June 27, 2011

The Box Office Impact of Long Weekends

More articles by »
Written by: Mitch Salem
Tags: , , , , , , , , ,


Holiday weekends present a unique opportunity for increases in box office as normal working and leisure schedules are disrupted.  The most common weekend format changes come in the form of four-day weekends.  A perfect example of this is Memorial Day weekend, when Monday becomes the final day of the weekend.  But the patterns are a little more complicated when it comes to the Fourth of July.  

As a baseline, we looked at the four or five weeks of June (between the atypical Memorial Day and July Fourth weeks).  We focused on the top three movies each weekend, usually one or two opening films and one or two strong returning films.  In June, the average top three film generates $12 million on Friday, bumps up 13% to $13 million on Saturday, and then declines gently to $10 million on Sunday.  (The index values in blue in the table below simply refer to the percentage of Friday business each day represents — for example, in June, Sunday is 88% of the Friday level.)  

On Memorial Day, the average top three film goes up to $16 million on Friday (versus $12 million in June), but the big change involves the patterns of business on subsequent days.  The Saturday bump is not as high on Memorial Day weekend (up 7% from Friday) as June (up 13%).  Sunday’s number on Memorial Day weekend is almost as high as Friday’s tally, while Monday (Memorial Day itself) is fully 75% of the Friday number (way up from 40% for Mondays in June).  By Tuesday, movie-goers are exhausted, and the day after the holiday is actually a little lower than Tuesdays in June.  Over this five-day period, top performing films average almost $20 million more in box office than June movies do.  Basically, Sunday almost becomes another Friday, and Monday becomes a strong Sunday.  These patterns for Memorial Day are very consistent year to year and serve as a good proxy for other four-day weekends such as MLK Day, President’s Day and Labor Day.

But what about the Fourth of July?  The question is much more complicated as the Fourth is the rare holiday tied to a date and not a day of the week — so there is no fixed pattern.  No matter where the Fourth falls, however, the box office lift tends to stretch across about a six-day period, almost a full week of strong box office activity.  Although there are exceptions, think of Fourth of July week as starting Wednesday before July 4 and extending through Monday.  This year the holiday itself falls on Monday, and the last time this happened was 2005 (War of the Worlds, anyone?) and before that all the way back in 1994.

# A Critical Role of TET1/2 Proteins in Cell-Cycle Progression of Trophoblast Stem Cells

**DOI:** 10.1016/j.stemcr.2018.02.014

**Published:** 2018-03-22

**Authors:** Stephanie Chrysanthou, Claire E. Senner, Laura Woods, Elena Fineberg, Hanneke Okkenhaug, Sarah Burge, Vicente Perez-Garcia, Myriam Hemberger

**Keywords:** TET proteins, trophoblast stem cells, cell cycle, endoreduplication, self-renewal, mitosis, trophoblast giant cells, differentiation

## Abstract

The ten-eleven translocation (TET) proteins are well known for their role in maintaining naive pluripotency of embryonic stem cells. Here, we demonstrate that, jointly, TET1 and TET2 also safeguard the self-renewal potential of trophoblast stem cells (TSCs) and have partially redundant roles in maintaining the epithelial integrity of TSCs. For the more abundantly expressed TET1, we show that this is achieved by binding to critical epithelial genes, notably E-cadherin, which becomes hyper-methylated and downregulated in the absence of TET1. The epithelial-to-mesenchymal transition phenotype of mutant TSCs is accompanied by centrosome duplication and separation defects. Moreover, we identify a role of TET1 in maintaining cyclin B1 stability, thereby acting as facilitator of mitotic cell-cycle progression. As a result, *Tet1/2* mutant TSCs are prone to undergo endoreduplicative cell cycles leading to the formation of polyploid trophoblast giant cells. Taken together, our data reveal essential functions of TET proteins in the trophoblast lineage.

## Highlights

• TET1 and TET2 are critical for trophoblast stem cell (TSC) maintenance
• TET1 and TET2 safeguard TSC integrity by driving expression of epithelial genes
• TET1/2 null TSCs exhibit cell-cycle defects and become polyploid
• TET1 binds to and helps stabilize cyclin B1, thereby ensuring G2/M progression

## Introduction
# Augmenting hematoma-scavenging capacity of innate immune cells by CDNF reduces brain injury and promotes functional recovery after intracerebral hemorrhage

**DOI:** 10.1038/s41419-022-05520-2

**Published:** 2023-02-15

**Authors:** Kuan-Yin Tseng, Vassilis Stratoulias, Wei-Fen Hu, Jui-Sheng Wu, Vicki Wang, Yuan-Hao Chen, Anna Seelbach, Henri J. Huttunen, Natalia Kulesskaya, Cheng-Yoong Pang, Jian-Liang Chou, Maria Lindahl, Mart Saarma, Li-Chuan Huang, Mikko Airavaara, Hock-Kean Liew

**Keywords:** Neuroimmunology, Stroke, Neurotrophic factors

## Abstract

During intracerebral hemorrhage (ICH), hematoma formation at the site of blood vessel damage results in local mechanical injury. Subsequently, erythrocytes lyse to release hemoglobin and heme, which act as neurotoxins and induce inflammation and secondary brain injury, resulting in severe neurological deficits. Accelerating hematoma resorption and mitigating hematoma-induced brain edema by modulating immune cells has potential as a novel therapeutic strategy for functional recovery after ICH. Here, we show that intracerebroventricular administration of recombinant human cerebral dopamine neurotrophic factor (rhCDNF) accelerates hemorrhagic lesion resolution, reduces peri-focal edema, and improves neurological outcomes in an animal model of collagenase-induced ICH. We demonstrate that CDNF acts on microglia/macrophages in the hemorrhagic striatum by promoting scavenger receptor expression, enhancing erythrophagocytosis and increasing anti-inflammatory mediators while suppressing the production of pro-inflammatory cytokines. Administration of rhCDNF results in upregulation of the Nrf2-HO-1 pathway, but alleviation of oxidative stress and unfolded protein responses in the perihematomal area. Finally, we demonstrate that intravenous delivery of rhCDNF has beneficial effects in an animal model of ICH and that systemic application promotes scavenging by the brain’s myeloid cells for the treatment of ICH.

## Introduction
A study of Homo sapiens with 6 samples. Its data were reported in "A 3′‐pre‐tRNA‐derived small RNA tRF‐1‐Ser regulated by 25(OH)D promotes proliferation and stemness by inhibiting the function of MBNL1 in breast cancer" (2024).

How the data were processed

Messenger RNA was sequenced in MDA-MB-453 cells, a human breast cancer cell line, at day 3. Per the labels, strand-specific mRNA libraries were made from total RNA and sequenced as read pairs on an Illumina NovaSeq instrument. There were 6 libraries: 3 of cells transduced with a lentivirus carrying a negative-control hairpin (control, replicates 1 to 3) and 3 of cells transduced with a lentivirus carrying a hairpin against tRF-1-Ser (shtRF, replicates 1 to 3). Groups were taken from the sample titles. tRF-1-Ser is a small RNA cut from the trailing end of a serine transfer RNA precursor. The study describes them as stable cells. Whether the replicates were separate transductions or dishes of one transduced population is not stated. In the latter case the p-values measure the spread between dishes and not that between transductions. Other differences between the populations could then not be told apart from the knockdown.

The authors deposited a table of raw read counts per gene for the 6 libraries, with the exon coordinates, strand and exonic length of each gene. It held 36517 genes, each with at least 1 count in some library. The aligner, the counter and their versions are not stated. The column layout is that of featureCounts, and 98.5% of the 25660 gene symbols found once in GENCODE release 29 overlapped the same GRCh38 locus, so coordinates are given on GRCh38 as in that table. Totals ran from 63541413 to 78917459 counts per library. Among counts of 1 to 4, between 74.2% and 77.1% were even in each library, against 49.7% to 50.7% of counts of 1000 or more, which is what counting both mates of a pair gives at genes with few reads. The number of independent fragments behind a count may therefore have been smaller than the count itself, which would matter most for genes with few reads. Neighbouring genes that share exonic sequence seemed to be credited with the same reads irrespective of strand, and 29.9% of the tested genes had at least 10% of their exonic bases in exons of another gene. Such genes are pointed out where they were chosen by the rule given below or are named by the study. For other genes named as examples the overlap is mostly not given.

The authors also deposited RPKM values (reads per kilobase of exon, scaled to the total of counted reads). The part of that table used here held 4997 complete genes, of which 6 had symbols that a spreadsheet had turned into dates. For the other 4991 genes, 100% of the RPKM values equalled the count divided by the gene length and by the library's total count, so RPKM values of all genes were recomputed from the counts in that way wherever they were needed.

The table below summarizes box office activity for a Wednesday-Tuesday week for our June baseline, Memorial Day and July Fourth.  Interestingly, the same number of dollars are available July Fourth as Memorial Day (around $75 million for a top performing film) — but the dollars are spread more evenly across the week of Independence Day.  The Friday-Sunday portion of July Fourth week is actually identical to a normal weekend in June, while there is a huge pop in the Wednesday-Thursday opening period and a moderately strong Monday-Tuesday follow-up (somewhere between Memorial Day and June levels).       

Of course, Transformers: Dark of the Moon should dominate this Independence Day week.  For comparison, the first two movies in the series also opened around this period (the original during July Fourth week and the second film during the week before the holiday).  These are their daily tracks (in millions of dollars):

Transformers (2007) Tuesday July 3 $36.6, Wednesday July 4 $29.1, Thursday July 5 $19.2, Friday July 6 $22.6, Saturday July 7 $25.7, Sunday July 8 $22.1, Monday July 9 $9.9

Transformers: Revenge of the Fallen (2009) Wednesday June 24 $62.0, Thursday June 25 $29.1, Friday June 26 $36.7, Saturday June 27 $40.2, Sunday June 28 $32.0

War of the Worlds (the last major film to open with July 4 on a Monday) opened Wednesday June 29 with $21.2, dropped to $14.4 Thursday, then bounced back to $21.9 on Friday July 1, $23.2 on Saturday and $19.8 on Sunday.  By July 4 itself on Monday, the movie ended the holiday period quietly with $12.2.  This 38% decline from July 3 to July 4 is large by historical standards.  Most top films drop around 20-25% on July 4 when attention turns to the BBQ during the day and fireworks in the sky at night.  As a side note, Americans are certainly not watching television on July 4, which year in and year out is the least viewed night of the year along with Christmas Eve.

Speaking of Christmas, when we are closer to the holidays we will take a look at box office patterns for Thanksgiving, Christmas and New Year’s, particularly the all-important week after Christmas when no new movies are released usually but each day has the potential for Friday or Saturday levels for the holdover films.  But let’s get through the summer first. 

About the Author

Mitch Salem
MITCH SALEM has worked on the business side of the entertainment industry for 20 years, as a senior business affairs executive and attorney for such companies as NBC, ABC, USA, Syfy, Bravo, and BermanBraun Productions, and before that, at the NY law firm of Weil, Gotshal & Manges. During all that, he has more or less constantly been going to the movies and watching TV, and writing about both since the 1980s. His film reviews also currently appear on and In addition, he is co-writer of an episode of the television series "Felicity."